As Clarkson admits fault, how genuine are public apologies?

21 May 2015 -


Top Gear presenter’s concession that he was in the wrong over workplace fracas flags up the management skills required to convincingly say sorry

Jermaine Haughton

Apologies are among the toughest gambits for managers and public figures to pull off. After all, they’re admissions that something has gone wrong, so they demand a sense of timing, an ear for tone and an eye for sincerity. Product lines, projects, reputations and even entire companies can hinge on the delivery – and the public usually makes its displeasure known when the message is thought not to be the genuine article. Former US President Bill Clinton was famously criticised for the way he apologised for his affair with Monica Lewinski, as was Lance Armstrong when he took to Oprah Winfrey’s show to admit for the first time that he doped to win all seven of his Tour de France titles.

That whole issue of how genuine public apologies are has been riding high in the news this week – particularly in the past 24 hours – and is a perennial theme in business and public life. So here are our ratings of how genuine some high-profile public apologies were…

1. Jeremy Clarkson

Today, it was the former Top Gear presenter’s turn, conceding in a radio chat with Chris Evans that it was his “own silly fault” for losing his place on the show after a bullying in the workplace scandal and putting its brand in jeopardy. In his first interview since the crisis, Clarkson told “I absolutely adored [Top Gear] and worked all through the night and paid attention to absolutely every little detail of it and then suddenly you are not asked to do that anymore and you do feel there's a big hole that needs to be filled.”

Although it’s not the first time Clarkson has been compelled to issue an public apology for his actions, he seemed particularly contrite after a couple of months’ reflection on how serious his actions were.

GENUINE ARTICLE RATING (out of five): ****

2. Peter Frankhauser

In the corporate world this week, the Thomas Cook boss came under widespread criticism after finally releasing a public apology more than 3,000 days after the deaths of two children from carbon monoxide poisoning in 2006 while on a holiday provided by one of his firm’s tour operators. “I feel deeply sorry about the tragic deaths of Bobby and Christi Shepherd,” he said on Wednesday amid a set of financial results, “and as a father myself I can’t begin to imagine the grief [the family] are going through. I am committed to do everything I can to see how we can help the family to move on with their lives.”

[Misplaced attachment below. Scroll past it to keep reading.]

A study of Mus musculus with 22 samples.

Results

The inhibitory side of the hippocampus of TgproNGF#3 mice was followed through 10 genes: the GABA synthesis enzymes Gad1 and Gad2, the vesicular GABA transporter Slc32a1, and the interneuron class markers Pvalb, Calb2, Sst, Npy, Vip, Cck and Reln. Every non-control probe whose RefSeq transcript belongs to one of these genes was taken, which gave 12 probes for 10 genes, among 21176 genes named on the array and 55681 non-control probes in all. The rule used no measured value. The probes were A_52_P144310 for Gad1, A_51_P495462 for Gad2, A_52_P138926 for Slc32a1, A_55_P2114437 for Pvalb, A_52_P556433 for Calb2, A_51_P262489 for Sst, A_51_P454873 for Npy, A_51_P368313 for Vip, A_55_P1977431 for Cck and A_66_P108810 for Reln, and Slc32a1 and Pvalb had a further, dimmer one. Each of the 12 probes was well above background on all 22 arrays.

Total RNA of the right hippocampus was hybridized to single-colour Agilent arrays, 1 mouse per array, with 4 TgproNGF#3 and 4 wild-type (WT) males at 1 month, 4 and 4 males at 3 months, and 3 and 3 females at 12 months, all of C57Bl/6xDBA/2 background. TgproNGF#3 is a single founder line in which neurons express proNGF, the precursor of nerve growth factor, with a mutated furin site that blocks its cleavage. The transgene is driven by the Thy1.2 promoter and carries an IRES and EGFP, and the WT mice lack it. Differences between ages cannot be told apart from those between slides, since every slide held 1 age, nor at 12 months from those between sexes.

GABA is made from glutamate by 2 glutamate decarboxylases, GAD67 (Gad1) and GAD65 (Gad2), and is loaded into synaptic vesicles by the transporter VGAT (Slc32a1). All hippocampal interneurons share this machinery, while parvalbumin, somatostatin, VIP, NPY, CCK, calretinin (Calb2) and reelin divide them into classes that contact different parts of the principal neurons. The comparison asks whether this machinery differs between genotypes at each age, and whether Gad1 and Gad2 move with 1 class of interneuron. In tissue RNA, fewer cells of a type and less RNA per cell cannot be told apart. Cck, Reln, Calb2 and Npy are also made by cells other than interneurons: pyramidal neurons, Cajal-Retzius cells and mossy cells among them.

To make matters worse, Frankhauser also had to apologise for holding on to the £3 million his firm had received in compensation from the incident – around 10 times more than was awarded to Bobbi and Christi’s family. Announcing that Thomas Cook would donate £1.5m to the children’s charity Unicef, the chief executive said: “We should have never accepted this money,” and added that “with hindsight”, the funds should have been given to charity “right away”.


3. Satya Nadella

Late last year, Microsoft chief Satya Nadella found himself in hot water for comments he made about the gender pay gap. Barely a full year into his tenure as the chief executive of the technology giant, Nadella had to apologise for saying that women should trust “karma” instead of asking for pay raises. The gaffe was made during a talk with Microsoft board member and Harvey Mudd College president Maria Klawe at last year’s Grace Hopper Celebration of Women in Computing conference. Following a significant backlash on social media, Nadella acknowledged that his comments were “completely wrong”.

He explained: “Toward the end of the interview, Maria asked me what advice I would offer women who are not comfortable asking for pay raises. I answered that question completely wrong. Without a doubt I wholeheartedly support programs at Microsoft and in the industry that bring more women into technology and close the pay gap. I believe men and women should get equal pay for equal work. And when it comes to career advice on getting a raise when you think it’s deserved, Maria’s advice was the right advice: If you think you deserve a raise, you should just ask.”

Klawe also came to Nadella’s defence, stating that he clearly supports boosting career progression for women in the technology field – but “blew this one question.”


4. Mary Barra

The General Motors boss – the first woman to lead one of the “Big 8” automakers – was forced to issue an apology to her staff in March last year in the wake of the company’s safety-recalls scandal. The manufacturer admitted that it was aware for almost a decade of an ignition issue that affected 1.6 million cars and interfered with air-bag deployment – a problem that led to at least 12 deaths and drew the attention of an inquiry from the US Department of Justice.

In a video, Barra told GM employees: “Something went wrong with our process in this instance, and terrible things happened. We will be better because of this tragic situation if we seize the opportunity. And I believe we will do just that.”

Although the apology was short, it was backed up by the announcement of an full-scale internal safety review – and by thousands of letters written by the chief executive to customers promising to solve the problem and prevent it from happening again.


Find CMI resources on bullying in the workplace at Management Direct (login required).

Click here for CMI’s thoughts on the gender pay gap.

Image of Jeremy Clarkson courtesy of Featureflash / Shutterstock.